Israeli leftists woke up on Thursday morning to a Bizarro World in which “Us Do Opposite of All Earthly Things”, as its inhabitants say in Superman. On this peculiar planet, the left unites instead of splintering, stuck-up politicians like Ehud Barak stifle their ego for a cause and Benjamin Netanyahu’s opponents don’t insist on paving his way to power. In such surreal surroundings, the left grows accustomed to good tidings whereas back on Earth their staple choice is between bad and awful.
The newly announced alliance between left wing Meretz and Barak’s recently established Democratic Israel, brokered by Labor’s feisty Stav Shaffir, is unnatural in and of itself. Meretz is an ideological entity committed to civil rights, complete equality for Israel’s Arab minority and a two-state solution while Barak has been all over the place, from left to right, hawk or dove depending on circumstance and one of the politicians most despised by Israeli Arabs. By all accounts, the two are an odd couple indeed.
Besides the astute and resolute intervention by Shaffir, two main factors brought Barak and Meretz to conclude their marriage of convenience: The first is the realization that in the September 17 elections, the only relevant ideology is the left’s fervent wish to rid Israel of Benjamin Netanyahu. The second was formulated in the 18th Century by Samuel Johnson, who famously said: “Depend upon it, sir, when a man knows he is to be hanged in a fortnight, it concentrates his mind wonderfully.”
In fact, the novel leftist alliance may owe its creation, first and foremost, to convicted sex offender Jeffrey Epstein, who was concurrently found injured in his jail cell in Manhattan. Barak’s refusal to elaborate on the nature of his ties to Epstein in the wake of the disgraced financier’s recent arrest in New York effectively derailed the former prime minister’s bid to cast himself as a contender for the throne and moved his party Democratic Israel perilously close to the 3.25% threshold gallows. His options were encapsulated in another 18th century luminary’s admonition "We must all hang together, or assuredly we shall all hang separately", as Benjamin Franklin once said.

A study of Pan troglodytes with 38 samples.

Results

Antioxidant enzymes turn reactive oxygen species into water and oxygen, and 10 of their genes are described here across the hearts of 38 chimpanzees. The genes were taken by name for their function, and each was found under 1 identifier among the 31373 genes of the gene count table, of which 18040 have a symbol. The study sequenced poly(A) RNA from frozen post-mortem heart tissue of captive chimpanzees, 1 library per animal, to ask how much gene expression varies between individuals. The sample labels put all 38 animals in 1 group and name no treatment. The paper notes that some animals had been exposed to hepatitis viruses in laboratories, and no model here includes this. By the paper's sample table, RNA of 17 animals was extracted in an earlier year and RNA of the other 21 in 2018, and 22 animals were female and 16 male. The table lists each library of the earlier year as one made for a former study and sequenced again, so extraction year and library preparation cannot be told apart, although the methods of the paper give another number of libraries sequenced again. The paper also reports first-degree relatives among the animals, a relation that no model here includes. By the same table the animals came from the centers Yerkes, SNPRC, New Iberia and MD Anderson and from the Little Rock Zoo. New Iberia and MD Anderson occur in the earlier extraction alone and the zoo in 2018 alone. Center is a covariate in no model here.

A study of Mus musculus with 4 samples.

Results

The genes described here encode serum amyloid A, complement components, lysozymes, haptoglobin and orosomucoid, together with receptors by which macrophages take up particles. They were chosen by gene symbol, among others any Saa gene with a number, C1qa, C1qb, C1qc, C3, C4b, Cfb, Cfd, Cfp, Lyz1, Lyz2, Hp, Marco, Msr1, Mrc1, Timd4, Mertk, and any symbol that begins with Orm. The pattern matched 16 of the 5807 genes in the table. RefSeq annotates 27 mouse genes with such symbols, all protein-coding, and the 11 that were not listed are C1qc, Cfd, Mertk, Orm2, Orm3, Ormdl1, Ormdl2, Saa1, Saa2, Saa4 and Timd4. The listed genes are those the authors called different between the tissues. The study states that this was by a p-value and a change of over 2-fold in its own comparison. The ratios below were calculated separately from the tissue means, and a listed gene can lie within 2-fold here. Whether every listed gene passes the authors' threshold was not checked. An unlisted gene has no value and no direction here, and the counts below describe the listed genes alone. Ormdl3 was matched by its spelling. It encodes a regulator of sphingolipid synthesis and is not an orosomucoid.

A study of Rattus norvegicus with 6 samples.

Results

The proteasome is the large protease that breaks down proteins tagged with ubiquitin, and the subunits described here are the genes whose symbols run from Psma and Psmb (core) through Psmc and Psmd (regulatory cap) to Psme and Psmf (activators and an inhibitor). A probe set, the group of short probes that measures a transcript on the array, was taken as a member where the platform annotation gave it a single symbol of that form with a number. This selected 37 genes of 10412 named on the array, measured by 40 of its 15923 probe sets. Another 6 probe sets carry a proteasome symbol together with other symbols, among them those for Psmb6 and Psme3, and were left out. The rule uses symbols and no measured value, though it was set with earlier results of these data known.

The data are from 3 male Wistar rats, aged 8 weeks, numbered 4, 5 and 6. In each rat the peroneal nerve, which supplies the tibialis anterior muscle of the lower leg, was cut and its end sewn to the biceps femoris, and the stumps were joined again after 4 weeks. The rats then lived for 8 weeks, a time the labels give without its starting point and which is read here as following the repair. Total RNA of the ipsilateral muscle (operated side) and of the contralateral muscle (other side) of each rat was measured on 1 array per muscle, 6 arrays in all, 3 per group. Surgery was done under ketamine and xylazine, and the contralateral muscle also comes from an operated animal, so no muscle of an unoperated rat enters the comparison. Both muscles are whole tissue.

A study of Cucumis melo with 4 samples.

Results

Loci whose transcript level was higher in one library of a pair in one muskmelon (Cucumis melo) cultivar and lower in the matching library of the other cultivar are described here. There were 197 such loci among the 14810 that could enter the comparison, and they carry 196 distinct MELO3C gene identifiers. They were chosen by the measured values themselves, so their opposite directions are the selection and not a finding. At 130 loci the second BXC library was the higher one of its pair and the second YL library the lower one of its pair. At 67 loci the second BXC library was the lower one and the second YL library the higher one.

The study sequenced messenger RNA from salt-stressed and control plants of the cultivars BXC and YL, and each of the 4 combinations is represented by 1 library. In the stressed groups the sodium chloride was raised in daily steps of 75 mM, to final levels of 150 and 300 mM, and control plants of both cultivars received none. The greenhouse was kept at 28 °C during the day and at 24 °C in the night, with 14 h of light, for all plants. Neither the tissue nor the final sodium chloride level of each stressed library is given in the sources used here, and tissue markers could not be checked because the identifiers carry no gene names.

Nonetheless, Barak managed to surprise even his harshest critics by accepting the perilous 10th spot on the new list, dubbed “Democratic Union”, and by relinquishing his demand to get first pick in any theoretical cabinet that the party may join. Whether his out-of-character move was motivated by altruism, fear of failure or the need to escape relentless questioning about Epstein, Barak set a new and hitherto unknown benchmark for his colleagues: Sacrifice in the name of a higher cause, namely Netanyahu’s defeat.
Barak’s move might also be seen as sweet revenge on Labor leader Amir Peretz, who had previously ruled out any merger with both the former prime minister and Meretz. The defection of the popular Shaffir, with more Laborites waiting in the wings to follow her, is Peretz’s reward for recruiting former Lieberman ally Orly Levy-Abuksis and for refusing to absolutely rule out any future collaboration with Netanyahu. Instead of Barak and his allies, it is now Peretz and his Labor remnants who may soon find themselves hovering near the dreaded 3.25% threshold and it is they who must decide whether to risk it alone or to join the newly-established leftist coalition.
More importantly, perhaps, the formation of a new alliance gives a long-awaited shot in the arm to the entire center-left camp, which had hitherto viewed the September 17 ballot as a lost cause. The unfamiliar good news could ignite the center-left with renewed momentum, or as George H W Bush said after winning Iowa in the 1980 Republican primaries “We will look forward to Big Mo being on our side, as they say in athletics." It’s a flawed precedent, of course, given that Bush went on to lose the Republican race to Ronald Reagan.
Nonetheless, the new leftist alliance will put Netanyahu and the right on the defensive. Coupled with Lieberman’s move from the right to a non-aligned center, it will increase Netanyahu’s apprehensions about a possible defeat in the elections, and thus drive him to escalate his tactics and rhetoric against his opponents. It will instill among center-leftists a new belief in the possibility of victory, a truly bizarro sentiment given Netanyahu’s four out of four record in recent elections. If worst comes to worst and the actual results on September 17 are the same, leftists will thank Barak and his new allies for allowing them to smell the sweet fragrance of victory in the 54 days that remain.